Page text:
Little achieved over campus integration
This acknowledgement follows a Stellenbosch University documentary, Luister (Listen), in which students tell of racism towards blacks on and off campus.
The efforts at reconciliation flowed from a 2013 report by a ministerial committee on transformation that recommended that measures to foster social cohesion be fast-tracked and discrimination eliminated in higher education.
The committee was formed in response to several incidents of racism on campuses, including the University of the Free State, where students fed cleaning staff food in which they had urinated.
Higher Education Ministry spokesman Khaye Nkwanyana said on Friday that less progress had been made than expected since the report.
The minister, Blade Nzimande, was giving the committee more resources so it could monitor transformation, drive it if necessary, and clear blockages.
“The minister met all the university council chairmen and vice-chancellors of the former Afrikaans universities in Cape Town in April. He read them the riot act on transformation and expressed his concern about the snail’s pace in transformation, 21 years into democracy.”
At Stellenbosch, there was some resistance to social inclusion.
“We are happy that some institutions have established transformation committees and offices,” he said.
The ministry is to stage a second summit on transformation next month.
Nkwanyana said the summit would focus on clear transformation indicators, such as the quality of research by historically disadvantaged individuals, and increased graduate output.
The summit would champion the Africanisation of content “away from the Eurocentric narrative”, the redressing of professoriate demographics, and upward mobility of black academics to senate level.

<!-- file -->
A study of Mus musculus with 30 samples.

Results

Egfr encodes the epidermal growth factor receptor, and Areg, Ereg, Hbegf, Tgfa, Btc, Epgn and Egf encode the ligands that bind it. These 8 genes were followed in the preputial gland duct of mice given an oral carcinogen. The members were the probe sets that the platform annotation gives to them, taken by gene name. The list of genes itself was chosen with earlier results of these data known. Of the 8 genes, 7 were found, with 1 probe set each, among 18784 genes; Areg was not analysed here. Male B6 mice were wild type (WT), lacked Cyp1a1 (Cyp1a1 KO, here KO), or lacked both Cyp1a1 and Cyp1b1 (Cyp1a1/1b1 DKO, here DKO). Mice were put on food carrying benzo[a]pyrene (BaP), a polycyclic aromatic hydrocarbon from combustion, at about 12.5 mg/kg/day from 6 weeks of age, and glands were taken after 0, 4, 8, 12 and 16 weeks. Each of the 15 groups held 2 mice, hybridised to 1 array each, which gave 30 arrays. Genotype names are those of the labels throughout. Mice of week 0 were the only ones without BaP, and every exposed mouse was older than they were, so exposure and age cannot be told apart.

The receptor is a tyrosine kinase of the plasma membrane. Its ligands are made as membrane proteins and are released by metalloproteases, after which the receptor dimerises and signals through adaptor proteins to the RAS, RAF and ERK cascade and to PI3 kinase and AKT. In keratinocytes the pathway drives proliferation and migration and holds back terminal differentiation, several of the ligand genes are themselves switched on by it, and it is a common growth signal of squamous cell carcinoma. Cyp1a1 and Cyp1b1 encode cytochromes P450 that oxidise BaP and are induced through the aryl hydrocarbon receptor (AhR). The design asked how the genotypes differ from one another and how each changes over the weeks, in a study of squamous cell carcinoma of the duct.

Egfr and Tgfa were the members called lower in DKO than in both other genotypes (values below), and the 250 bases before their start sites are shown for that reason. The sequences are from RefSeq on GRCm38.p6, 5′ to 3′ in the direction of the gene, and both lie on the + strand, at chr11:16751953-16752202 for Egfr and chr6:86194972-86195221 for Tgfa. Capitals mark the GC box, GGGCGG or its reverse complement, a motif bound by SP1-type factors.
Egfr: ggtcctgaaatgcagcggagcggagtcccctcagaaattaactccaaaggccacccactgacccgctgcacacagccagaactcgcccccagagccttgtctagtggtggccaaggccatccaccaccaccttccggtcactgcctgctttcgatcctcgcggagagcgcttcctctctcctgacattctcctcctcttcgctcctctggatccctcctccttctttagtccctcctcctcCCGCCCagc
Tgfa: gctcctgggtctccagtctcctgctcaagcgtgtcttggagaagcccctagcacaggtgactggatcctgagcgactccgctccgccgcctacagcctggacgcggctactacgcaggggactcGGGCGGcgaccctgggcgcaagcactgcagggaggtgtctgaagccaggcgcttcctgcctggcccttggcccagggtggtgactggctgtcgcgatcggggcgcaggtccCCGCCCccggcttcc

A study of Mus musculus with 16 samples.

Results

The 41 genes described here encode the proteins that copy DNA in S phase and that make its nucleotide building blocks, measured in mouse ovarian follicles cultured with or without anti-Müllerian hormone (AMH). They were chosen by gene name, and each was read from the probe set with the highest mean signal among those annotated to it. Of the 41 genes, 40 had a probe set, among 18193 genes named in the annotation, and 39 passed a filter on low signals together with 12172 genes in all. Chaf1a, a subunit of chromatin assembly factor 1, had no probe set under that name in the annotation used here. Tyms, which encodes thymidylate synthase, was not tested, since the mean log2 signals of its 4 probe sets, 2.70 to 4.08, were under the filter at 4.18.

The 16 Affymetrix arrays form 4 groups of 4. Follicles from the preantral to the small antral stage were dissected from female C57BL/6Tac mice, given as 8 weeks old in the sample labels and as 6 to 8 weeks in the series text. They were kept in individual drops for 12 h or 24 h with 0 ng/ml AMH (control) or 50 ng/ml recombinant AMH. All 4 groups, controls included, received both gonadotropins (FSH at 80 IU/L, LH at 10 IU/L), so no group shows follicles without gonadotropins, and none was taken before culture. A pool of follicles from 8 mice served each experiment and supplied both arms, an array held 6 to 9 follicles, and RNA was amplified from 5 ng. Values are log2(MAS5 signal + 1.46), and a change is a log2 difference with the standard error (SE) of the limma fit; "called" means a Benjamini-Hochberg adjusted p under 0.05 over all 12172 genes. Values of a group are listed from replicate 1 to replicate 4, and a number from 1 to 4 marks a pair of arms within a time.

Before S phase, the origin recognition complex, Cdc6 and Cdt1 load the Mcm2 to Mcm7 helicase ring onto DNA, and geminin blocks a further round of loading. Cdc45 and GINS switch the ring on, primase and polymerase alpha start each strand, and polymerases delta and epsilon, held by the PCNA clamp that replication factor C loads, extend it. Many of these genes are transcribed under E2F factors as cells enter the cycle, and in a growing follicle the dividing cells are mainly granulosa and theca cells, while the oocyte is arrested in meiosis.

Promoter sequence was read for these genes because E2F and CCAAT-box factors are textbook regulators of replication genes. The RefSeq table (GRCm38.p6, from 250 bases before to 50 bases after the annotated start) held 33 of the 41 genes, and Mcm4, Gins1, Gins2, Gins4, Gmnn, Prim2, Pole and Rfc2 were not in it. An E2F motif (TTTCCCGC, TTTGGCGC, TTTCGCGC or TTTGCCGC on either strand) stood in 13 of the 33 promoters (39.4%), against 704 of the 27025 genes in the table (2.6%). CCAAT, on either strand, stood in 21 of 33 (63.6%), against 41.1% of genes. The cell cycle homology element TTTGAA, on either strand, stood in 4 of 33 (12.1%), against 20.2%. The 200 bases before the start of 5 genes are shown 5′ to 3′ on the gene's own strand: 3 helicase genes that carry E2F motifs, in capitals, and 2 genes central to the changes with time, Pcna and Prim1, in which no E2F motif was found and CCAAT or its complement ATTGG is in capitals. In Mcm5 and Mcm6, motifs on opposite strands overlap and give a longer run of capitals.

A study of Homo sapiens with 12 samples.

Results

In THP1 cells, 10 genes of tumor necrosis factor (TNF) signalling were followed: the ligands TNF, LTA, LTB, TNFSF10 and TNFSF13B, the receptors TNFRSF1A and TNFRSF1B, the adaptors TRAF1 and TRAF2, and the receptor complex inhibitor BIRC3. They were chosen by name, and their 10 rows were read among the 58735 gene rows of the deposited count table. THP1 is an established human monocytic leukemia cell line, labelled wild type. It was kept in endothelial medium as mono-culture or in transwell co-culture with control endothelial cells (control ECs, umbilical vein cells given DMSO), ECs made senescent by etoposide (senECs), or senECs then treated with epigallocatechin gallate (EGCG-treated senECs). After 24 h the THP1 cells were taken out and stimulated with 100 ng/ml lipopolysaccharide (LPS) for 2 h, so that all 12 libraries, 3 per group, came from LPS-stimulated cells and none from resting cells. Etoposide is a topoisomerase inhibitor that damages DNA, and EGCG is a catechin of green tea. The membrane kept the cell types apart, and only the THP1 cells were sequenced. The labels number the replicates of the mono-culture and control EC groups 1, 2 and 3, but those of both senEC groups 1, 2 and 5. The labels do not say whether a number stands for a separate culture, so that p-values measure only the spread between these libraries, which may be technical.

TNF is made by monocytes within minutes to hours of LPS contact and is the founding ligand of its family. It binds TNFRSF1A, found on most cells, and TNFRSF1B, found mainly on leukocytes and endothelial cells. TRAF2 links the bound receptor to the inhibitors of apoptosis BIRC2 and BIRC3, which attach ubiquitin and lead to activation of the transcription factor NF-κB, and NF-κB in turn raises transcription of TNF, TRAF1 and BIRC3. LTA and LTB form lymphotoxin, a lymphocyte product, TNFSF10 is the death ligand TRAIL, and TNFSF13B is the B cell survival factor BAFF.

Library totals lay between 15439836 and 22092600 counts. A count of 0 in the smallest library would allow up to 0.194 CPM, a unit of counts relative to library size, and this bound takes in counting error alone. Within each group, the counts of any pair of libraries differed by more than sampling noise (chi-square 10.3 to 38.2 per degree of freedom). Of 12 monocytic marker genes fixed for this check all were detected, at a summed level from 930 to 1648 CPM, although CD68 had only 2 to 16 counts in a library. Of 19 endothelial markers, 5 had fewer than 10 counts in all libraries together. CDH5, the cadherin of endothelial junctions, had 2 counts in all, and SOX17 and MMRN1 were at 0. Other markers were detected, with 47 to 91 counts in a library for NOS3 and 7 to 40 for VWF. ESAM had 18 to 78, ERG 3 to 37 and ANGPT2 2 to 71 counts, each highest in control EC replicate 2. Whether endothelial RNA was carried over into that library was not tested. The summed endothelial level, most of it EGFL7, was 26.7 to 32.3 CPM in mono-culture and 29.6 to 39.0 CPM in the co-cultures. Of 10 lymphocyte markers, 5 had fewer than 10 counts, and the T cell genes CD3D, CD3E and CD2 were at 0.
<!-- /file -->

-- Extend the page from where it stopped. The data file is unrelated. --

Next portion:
The summit is to be attended by academics, student leaders, social movements like “Rhodes Must Fall”, Open Stellenbosch, unions, international scholars and the government.
Professor Jonathan Jansen, vice-chancellor of the University of the Free State, said yesterday that his campus was not perfect, but was working on race relations among staff and students.
Speaking in Cape Town at the launch of his new book on leadership on divided university campuses, Jansen said that racial tensions had led the university to realise it had to prepare its students as soon as they arrived on campus.
Universities had no control over how children were brought up, but could “prepare them” so they were able to live with other races and cultures.
“This is a handy book with some answers to the problems we see on our campuses.”
Jansen said his research had led him to see how intimate relations were forged between slave owners and their slaves in the US context.
“In these relations there was closeness in the physical sense, but distance at the same time.”
Jansen warned that this was happening at most universities with white cultural backgrounds.
“Intimacy does not guarantee respect; it does not guarantee dignity. We need nearness.”
Offering some answers from his book, Jansen mentioned focused orientation programmes for first-year students.